Your leaking thatched hut during the restoration of a pre-Enlightenment state.


Hello, my name is Judas Gutenberg and this is my blaag (pronounced as you would the vomit noise "hyroop-bleuach").


decay & ruin
Biosphere II
dead malls
Irving housing

got that wrong

appropriate tech
Arduino μcontrollers
Backwoods Home
Fractal antenna

fun social media stuff

(nobody does!)

Like my brownhouse:
   Black Bear reality check
Saturday, April 11 2015
The weather wasn't especially warm today, but at least it was sunny enough for Ramona to get the initiative to hang out for a time down in the greenhouse. It was warm enough to work outside, so I began work on building a stone retaining wall connecting the northwest corner of the main garden patch with the southeast corner of the southmost tomato patch. Once this wall is completed, there will be a continuous lightning-bolt-shaped stone wall from near the house's front door all the way to the basketball goal near the northwest corner of the driveway. That's about 90 feet of stone wall, most of it about two feet in height and retaining a terrace behind it. For this relatively-short new segment, I first dug a foundation trench all the way down to bedrock and then filled it to grade with randomly-shaped pieces of bluestone from the talus slope between our yard and the Farm Road. I actually only reached bedrock in the west half of the trench. Further east, the rock ended in a ledge and dropped away into a mix of random stones and clay. My digging uncovered a PVC drainage pipe I'd installed years ago to drain wet spots in the yard uphill to the south. I left it in place and will be stacking the rocks around it in a way that conceals and protects it.
I didn't feel like I was digging very hard, though the project managed to break the handles of both of the household digging shovels (first the short one, then the long one). I badly mistreat my shovels, routinely leaving them out in the rain for years at a time. Evidently the handles had rotted to the point where they were no longer structurally sound. Though I had to use a shovel to dig a proper ditch, I mostly avoid it for gardening and use a tilling fork instead; I hate it when I slice through earthworms, something I did several times today.
By this evening, I was somewhat drunk and a little bit stoned, so I plopped down in front of the television to watch Dual Survival. On live teevee at the time was a boxing match between Andy Lee and Peter Quillin. Under the influence of marijuana, I will watch some things (such as sports contests) that would quickly bore me when completely sober. So I sat there and watched several rounds, coming back after the ads when Dual Survival had me either bored or distressed at harming of wild animals. It was more boxing than I'd watched since I was a little kid in the early 1970s, before my family's black & white television died. (I also remember episodes of the Six Million Dollar Man and watching Nixon take that final helicopter ride from Washington, but after the television died, it wasn't replaced until I bought one in 1983 for use as a computer monitor.) I don't actually have strong feelings about boxing; it's not much fun to watch, and to the extent that it is bad for brains and exploitative of underprivileged humans, so are a lot of other things in our society. But tonight, when I was engaged enough to keep watching it, I could feel the muscles in my arms twitch empathetically. Only because of his race (he's black), I was rooting for Peter Quillin. I won't deny it, I have what could best be described as liberal guilt, especially after all the high-profile videos of unarmed black guys being gunned down by white police officers.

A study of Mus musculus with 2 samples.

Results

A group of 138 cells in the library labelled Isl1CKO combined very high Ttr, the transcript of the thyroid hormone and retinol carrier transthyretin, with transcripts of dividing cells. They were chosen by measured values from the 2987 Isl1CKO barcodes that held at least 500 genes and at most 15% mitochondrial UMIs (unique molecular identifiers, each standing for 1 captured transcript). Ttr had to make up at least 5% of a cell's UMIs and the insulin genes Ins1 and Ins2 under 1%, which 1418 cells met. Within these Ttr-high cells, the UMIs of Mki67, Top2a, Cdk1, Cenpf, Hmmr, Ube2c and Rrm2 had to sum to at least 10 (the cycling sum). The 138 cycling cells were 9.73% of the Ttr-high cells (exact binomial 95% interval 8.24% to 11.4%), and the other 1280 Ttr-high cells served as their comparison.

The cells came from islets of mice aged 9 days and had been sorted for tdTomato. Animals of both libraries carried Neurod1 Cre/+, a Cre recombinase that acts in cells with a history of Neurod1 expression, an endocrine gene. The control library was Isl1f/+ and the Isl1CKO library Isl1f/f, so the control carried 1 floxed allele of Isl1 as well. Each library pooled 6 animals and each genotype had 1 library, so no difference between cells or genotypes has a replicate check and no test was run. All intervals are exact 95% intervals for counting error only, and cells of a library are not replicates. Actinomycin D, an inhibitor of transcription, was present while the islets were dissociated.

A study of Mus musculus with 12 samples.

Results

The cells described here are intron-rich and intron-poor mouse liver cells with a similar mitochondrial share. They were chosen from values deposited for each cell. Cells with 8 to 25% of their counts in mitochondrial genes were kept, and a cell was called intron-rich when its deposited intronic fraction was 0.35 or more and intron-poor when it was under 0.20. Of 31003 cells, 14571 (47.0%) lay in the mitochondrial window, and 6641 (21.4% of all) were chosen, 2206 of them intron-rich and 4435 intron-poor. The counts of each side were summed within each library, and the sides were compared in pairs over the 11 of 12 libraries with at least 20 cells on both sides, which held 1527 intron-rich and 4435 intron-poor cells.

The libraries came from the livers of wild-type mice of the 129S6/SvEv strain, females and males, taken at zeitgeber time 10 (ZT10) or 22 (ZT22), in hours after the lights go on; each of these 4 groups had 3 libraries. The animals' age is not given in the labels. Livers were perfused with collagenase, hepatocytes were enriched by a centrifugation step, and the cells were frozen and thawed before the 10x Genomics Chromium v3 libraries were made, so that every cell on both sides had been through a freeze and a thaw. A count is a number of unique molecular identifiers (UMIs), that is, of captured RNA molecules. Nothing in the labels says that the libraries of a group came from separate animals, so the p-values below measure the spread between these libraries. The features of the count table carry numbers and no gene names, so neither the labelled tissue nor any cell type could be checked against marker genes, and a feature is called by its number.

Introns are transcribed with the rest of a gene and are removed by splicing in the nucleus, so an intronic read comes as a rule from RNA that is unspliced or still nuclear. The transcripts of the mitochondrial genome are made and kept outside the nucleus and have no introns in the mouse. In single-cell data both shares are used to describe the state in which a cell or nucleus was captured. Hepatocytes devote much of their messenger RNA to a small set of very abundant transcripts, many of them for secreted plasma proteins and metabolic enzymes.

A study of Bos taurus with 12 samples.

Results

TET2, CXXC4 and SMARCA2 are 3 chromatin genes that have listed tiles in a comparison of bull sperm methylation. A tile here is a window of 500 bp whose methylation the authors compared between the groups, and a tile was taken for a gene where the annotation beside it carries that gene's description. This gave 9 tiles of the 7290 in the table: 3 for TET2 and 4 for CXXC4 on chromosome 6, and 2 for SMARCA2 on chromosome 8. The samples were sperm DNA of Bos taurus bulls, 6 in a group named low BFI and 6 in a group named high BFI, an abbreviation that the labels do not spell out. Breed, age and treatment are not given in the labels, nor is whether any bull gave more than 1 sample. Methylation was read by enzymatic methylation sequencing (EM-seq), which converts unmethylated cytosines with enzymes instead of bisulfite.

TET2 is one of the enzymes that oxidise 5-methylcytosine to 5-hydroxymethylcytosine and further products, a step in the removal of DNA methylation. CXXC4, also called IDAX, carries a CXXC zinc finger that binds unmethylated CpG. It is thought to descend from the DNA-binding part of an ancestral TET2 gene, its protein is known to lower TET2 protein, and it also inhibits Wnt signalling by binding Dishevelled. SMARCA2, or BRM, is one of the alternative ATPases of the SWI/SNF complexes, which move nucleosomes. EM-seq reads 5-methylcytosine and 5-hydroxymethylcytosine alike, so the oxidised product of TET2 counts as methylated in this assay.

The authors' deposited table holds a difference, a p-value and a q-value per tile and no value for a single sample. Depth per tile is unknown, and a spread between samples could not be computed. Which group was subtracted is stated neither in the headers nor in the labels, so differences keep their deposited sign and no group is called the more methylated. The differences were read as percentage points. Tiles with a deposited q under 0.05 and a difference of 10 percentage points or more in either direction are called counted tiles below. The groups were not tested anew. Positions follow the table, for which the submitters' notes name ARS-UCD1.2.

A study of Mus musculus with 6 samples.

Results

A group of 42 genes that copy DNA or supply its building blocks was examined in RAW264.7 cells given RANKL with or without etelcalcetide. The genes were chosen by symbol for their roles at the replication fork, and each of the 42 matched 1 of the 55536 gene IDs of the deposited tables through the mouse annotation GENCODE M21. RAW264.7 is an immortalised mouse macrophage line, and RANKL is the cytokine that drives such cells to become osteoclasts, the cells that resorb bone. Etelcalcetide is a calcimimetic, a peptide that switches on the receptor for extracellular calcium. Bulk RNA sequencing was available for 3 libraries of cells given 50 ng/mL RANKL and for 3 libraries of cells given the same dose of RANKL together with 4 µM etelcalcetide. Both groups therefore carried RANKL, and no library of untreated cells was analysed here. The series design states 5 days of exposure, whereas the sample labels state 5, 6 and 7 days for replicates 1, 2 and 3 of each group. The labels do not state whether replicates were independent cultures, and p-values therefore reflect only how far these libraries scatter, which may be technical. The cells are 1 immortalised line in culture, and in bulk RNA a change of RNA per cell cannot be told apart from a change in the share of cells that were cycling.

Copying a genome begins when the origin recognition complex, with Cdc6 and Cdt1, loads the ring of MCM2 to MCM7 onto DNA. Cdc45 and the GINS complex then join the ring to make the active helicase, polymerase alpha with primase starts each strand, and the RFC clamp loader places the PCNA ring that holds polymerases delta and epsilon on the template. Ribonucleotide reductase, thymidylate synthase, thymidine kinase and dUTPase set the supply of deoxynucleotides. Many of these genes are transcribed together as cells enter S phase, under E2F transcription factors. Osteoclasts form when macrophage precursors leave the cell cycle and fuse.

Later, I was watching Dual Survival, where the "situation" was the Allegheny Mountains of Pennsylvania. Usually the locale is exotic enough that when the narrator and one or more of the survivalists hype the danger of the local fauna, I assume that such dangers are, to some extent at least, real. But in this show, when Joseph Teti (the current military-style survivalist) started going on about the danger of Black Bears, I couldn't keep myself from laughing. Teti even passed up a perfectly good cave for use as a shelter on the off chance that it might be home to a bear. As you know, I have a great deal of experience with bears, and even when they're attacked by dogs, all they ever want to do is get away. The fact that Dual Survival worked so hard to stoke the audience's fear of bears cast doubt on all the other times they've told me about the dangerousness of a "situation." I suppose Dual Survival was counting on the couch-potato nature of the vast majority of their audience, confident that their tendency to hype danger would never be discovered. (I should mention, by the way, that when I was a kid, my father told me of his experiences with Grizzly Bears in the West, and I am given to understand that they really are dangerous.)